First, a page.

Accelerometer Load: A New Way to Measure Fatigue During Repeated Sprint Training?

Akenhead, R., Marques, J.B., Paul, D.J.

Purpose:
Prescribing the appropriate dose of repeated sprint training to a large number of players in a team sports environment presents a challenge to practitioners. Players experience fatigue and performance decrements at different rates, and so a means of monitoring this would be of interest to coaches. This study aimed to identify if accelerometer load could be used to detect the performance decrement during repeated sprints.

Materials and Methods:
Nine male semi-professional and amateur soccer players performed 25 m sprints (2 × 12.5 m with 180° change of direction) interspersed with 20 s passive recovery until a 5% performance decrement in sprint time was reached. Trunk segmental accelerations were measured at the thoracic spine using a triaxial accelerometer worn in a tight-fitting vest.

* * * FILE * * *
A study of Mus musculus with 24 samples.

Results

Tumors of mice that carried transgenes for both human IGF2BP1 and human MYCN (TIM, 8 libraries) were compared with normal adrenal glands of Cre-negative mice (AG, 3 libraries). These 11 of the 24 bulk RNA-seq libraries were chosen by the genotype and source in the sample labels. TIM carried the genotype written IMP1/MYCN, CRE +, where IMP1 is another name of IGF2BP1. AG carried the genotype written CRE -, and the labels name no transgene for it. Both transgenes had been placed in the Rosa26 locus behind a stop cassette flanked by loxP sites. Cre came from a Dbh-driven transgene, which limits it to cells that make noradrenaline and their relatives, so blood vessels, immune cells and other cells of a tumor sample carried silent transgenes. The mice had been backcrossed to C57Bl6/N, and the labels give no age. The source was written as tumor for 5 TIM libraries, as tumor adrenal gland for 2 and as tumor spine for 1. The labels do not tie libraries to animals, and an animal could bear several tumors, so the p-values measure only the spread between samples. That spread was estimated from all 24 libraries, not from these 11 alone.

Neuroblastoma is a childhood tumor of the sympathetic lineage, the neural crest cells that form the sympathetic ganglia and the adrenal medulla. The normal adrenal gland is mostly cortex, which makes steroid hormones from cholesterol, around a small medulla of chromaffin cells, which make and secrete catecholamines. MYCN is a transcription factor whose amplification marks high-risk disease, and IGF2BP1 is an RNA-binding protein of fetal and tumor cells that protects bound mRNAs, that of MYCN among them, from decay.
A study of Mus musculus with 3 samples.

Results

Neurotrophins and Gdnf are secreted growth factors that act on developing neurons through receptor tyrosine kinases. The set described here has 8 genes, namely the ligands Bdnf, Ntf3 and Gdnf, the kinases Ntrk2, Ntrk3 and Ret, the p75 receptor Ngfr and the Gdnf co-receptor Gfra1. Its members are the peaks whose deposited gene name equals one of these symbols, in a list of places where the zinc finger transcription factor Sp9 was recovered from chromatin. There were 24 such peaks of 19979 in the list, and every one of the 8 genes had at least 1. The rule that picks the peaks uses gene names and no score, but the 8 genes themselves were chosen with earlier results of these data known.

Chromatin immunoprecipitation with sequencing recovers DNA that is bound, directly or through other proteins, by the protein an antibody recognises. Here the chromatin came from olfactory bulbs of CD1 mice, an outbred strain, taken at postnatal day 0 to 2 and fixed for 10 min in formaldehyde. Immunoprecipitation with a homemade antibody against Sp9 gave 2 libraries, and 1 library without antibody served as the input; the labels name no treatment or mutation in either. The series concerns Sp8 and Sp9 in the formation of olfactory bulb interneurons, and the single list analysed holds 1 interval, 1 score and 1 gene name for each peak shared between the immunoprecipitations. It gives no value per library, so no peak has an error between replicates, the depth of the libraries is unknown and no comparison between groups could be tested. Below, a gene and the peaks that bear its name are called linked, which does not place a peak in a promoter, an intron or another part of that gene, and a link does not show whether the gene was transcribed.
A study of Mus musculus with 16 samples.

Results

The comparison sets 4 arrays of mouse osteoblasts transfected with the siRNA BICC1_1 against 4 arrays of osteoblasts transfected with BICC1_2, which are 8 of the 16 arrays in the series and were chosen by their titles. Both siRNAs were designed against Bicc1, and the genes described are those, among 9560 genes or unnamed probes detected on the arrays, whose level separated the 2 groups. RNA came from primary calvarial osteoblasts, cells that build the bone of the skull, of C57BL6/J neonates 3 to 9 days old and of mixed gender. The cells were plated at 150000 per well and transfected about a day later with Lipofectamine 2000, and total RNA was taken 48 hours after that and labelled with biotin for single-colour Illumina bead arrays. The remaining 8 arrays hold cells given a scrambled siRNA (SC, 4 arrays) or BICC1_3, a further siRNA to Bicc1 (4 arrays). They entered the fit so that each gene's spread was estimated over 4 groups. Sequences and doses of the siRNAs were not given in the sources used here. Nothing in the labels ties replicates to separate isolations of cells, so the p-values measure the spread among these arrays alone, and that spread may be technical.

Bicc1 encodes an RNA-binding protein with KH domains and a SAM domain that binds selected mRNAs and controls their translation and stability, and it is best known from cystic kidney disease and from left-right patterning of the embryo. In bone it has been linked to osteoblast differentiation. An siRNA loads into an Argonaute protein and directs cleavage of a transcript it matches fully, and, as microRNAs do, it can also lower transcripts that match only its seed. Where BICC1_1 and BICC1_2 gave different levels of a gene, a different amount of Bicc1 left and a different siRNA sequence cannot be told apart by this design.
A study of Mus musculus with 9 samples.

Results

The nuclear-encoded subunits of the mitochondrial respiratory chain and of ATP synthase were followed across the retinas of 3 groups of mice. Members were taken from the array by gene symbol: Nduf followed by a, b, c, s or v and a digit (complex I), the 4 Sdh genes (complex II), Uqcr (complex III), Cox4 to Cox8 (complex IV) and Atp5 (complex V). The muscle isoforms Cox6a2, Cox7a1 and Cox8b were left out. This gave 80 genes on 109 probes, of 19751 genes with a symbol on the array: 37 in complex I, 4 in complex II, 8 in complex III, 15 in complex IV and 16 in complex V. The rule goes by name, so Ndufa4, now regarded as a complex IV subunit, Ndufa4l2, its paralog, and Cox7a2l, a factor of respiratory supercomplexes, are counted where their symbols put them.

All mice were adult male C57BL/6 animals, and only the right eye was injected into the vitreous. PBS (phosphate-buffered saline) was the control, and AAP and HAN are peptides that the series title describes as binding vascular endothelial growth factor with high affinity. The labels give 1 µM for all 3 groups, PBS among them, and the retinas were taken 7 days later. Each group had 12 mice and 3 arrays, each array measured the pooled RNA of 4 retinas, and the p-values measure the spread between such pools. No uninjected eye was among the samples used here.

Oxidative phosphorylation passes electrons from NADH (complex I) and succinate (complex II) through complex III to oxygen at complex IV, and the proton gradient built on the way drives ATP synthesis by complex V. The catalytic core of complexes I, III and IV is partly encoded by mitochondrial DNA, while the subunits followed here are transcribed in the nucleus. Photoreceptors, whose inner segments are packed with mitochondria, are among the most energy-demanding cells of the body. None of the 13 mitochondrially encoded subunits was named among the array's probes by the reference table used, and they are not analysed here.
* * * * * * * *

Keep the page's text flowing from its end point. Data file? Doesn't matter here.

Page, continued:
Results:
Sprint time increased by 8.5% (range 5–13%) from the first to the last sprint. Accelerometer load demonstrated a mean decrease of 15% (range 11–23%) from the first to the last sprint. Least squares linear regression revealed accelerometer decrement to be two to threefold greater than the sprint performance decrement. Additionally, strong within-participant associations between accelerometer load and sprint decrement with very large to nearly perfect correlations were observed (Pearson’s r = 0.84–0.99, P < 0.03). Conclusion: Practitioners may be able to utilize this concept to monitor the fatigue induced by repeated sprinting or high-intensity efforts in team sports training in order to prescribe sprint training relative to individual fatigue profiles.